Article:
An instant #1 international bestseller! From Neil Pasricha—New York Times, million-copy bestselling author of The Book of Awesome series and The Happiness Equation, thought leader for the next generation, and one of the most popular TED speakers in the world—comes a revelatory and inspiring book that will change the way we view failure and help us build resilience.
Why is life getting harder instead of easier?
How do I get back up after life knocks me down?
And how do I grow stronger and live more intentionally?
What happened to famines? Great Depressions? Plagues? For most of us, these are distant memories. We’re living in an era with highest-ever rates of longevity, education, and wealth. Cars drive us home as our phones entertain us before we arrive to food delivered to the front door. We have it all!
But there’s just one side eﬀect. We no longer have the tools to handle failure...or even perceived failure. When we fall, we lie on the sidewalk crying. When we spill, we splatter. When we crack, we shatter.
We are turning into an army of porcelain dolls.
A rude email from the boss means calling in sick. Only two likes on our post means we don’t have friends. Cell phones show us we’re never good enough. Yesterday’s butterflies are tomorrow’s panic attacks. Record numbers of students have clinical anxiety. And what about depression, loneliness, and suicide?
What do we desperately need to learn?
RESILIENCE. And we need to learn it fast.
Read You Are Awesome to learn:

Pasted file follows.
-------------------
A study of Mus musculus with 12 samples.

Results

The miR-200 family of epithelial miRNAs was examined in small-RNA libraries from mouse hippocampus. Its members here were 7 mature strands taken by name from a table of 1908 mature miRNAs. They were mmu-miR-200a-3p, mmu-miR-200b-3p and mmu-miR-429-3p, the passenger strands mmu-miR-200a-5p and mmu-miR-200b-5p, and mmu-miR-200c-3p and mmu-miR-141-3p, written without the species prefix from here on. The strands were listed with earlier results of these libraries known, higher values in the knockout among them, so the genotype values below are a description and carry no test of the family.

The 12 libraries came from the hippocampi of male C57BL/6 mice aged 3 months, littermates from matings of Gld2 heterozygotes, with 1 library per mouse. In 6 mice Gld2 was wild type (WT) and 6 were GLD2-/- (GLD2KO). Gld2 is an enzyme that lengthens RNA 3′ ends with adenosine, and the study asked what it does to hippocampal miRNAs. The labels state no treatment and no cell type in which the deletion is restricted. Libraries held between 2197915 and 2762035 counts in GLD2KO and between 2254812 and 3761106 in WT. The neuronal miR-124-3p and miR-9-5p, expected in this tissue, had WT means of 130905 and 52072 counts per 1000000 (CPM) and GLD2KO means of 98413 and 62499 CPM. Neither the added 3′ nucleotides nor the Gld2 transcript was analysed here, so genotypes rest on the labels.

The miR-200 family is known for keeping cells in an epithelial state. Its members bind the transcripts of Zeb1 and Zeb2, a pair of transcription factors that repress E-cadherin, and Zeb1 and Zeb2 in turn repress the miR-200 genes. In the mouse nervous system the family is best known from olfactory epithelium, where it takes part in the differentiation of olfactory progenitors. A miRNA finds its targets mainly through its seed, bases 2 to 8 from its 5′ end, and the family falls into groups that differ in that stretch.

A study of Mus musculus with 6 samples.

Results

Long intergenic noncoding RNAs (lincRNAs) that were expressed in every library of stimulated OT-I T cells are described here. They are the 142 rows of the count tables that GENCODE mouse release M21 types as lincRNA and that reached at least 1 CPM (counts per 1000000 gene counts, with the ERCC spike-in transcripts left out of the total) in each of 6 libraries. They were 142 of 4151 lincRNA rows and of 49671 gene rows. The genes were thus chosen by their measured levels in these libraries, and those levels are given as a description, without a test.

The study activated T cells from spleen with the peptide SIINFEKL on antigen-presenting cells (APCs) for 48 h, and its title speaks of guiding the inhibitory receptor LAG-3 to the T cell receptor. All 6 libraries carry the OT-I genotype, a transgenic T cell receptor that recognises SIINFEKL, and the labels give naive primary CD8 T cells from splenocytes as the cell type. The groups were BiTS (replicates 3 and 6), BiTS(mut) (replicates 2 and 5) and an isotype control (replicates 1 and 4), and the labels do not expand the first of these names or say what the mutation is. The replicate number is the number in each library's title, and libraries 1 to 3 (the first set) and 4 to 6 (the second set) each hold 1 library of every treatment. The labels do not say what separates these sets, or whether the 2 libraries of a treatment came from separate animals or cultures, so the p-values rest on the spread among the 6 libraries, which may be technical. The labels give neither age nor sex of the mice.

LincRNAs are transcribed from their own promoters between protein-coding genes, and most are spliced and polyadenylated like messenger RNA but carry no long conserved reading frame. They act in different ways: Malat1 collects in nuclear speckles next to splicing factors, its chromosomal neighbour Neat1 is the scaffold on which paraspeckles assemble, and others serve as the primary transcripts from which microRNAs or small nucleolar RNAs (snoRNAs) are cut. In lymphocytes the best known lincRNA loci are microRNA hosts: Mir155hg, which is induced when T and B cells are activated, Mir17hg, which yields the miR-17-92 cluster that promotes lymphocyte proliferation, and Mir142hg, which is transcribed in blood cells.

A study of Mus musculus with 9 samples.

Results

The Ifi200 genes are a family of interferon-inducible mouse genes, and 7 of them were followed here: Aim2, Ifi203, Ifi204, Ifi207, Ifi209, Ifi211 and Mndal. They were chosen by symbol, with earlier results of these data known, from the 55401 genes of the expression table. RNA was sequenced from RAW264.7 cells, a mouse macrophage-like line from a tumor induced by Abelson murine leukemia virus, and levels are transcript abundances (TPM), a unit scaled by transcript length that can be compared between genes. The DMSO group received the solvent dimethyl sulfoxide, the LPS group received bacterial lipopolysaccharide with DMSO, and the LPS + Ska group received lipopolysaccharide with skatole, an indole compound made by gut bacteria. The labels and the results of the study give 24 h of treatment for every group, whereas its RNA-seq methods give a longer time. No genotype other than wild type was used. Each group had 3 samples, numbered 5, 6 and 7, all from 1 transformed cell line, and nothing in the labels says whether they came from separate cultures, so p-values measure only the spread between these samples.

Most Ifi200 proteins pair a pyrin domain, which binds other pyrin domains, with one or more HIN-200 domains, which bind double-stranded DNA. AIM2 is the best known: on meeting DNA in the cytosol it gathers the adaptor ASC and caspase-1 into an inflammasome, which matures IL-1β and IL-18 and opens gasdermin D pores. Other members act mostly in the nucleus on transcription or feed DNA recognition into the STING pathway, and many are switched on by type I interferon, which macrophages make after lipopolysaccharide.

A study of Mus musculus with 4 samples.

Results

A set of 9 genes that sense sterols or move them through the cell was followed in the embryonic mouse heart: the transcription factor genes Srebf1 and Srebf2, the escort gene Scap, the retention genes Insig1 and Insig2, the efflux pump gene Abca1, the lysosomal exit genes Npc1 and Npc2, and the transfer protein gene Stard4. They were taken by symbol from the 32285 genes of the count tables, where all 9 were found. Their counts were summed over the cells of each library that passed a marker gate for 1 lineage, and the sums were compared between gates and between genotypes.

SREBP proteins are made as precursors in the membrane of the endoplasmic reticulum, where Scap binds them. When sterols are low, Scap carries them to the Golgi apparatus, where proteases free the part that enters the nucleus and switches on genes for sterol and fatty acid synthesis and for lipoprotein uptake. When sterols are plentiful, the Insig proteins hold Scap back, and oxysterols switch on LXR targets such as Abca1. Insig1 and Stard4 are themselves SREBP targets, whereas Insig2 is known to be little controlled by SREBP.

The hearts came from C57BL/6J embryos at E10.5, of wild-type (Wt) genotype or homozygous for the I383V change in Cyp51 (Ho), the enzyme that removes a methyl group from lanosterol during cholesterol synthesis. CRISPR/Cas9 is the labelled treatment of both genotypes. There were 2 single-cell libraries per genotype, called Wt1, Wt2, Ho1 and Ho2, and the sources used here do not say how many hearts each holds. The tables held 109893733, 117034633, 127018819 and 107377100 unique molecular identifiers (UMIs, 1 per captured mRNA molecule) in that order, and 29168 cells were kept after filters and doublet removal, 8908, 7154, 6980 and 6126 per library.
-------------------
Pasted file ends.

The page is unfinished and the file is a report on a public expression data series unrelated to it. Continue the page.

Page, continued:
—The single word that keeps your options open after failure
—Why you need to have more one-night stands
—What every commencement speech gets wrong
—3 ways to dramatically accelerate your ability to learn and adapt
—The 2-minute morning practice that helps eliminate worry
—Why you need an Untouchable Day (and how to get one)
And much, much more...
Because the truth is, you really are awesome.
In this undercooked work, Pasricha (The Happiness Equation), 1000 Awesome Things blogger and host of the 3 Books podcast, offers nine concepts that, with mixed effectiveness, promise to initiate the reader into a "secret" life of inner strength. Pasricha's nuggets of perceived wisdom range from decent advice (don't relent "in the face of things that look immovable") to the less helpful (the only possible movement is forward). Pasricha's writing is punchy ("benign envy is contagious... it motivates others to improve their own performance") but also tends toward oversimplification. Secrets he lets readers in on include "keep your options infinite," "shift the spotlight" (direct one's attention to what is important), see challenges as a "step," and "tell yourself a different story." Fans of the author's blog will find his trademark style in evidence here; however, newcomers may find Pasricha's prose shallow ("real growth doesn't come through destruction. It comes from taking what came before and integrating it into a greater whole"), his claims poorly substantiated, and much of his logic worrying as in the section on "always moving forward," in which he treats his father's refusal ever to return to his native India (with no substantive explanation), where he still has family, as behavior to be admired and copied. This is a slick but ultimately underwhelming production with little to appeal to the thoughtful reader.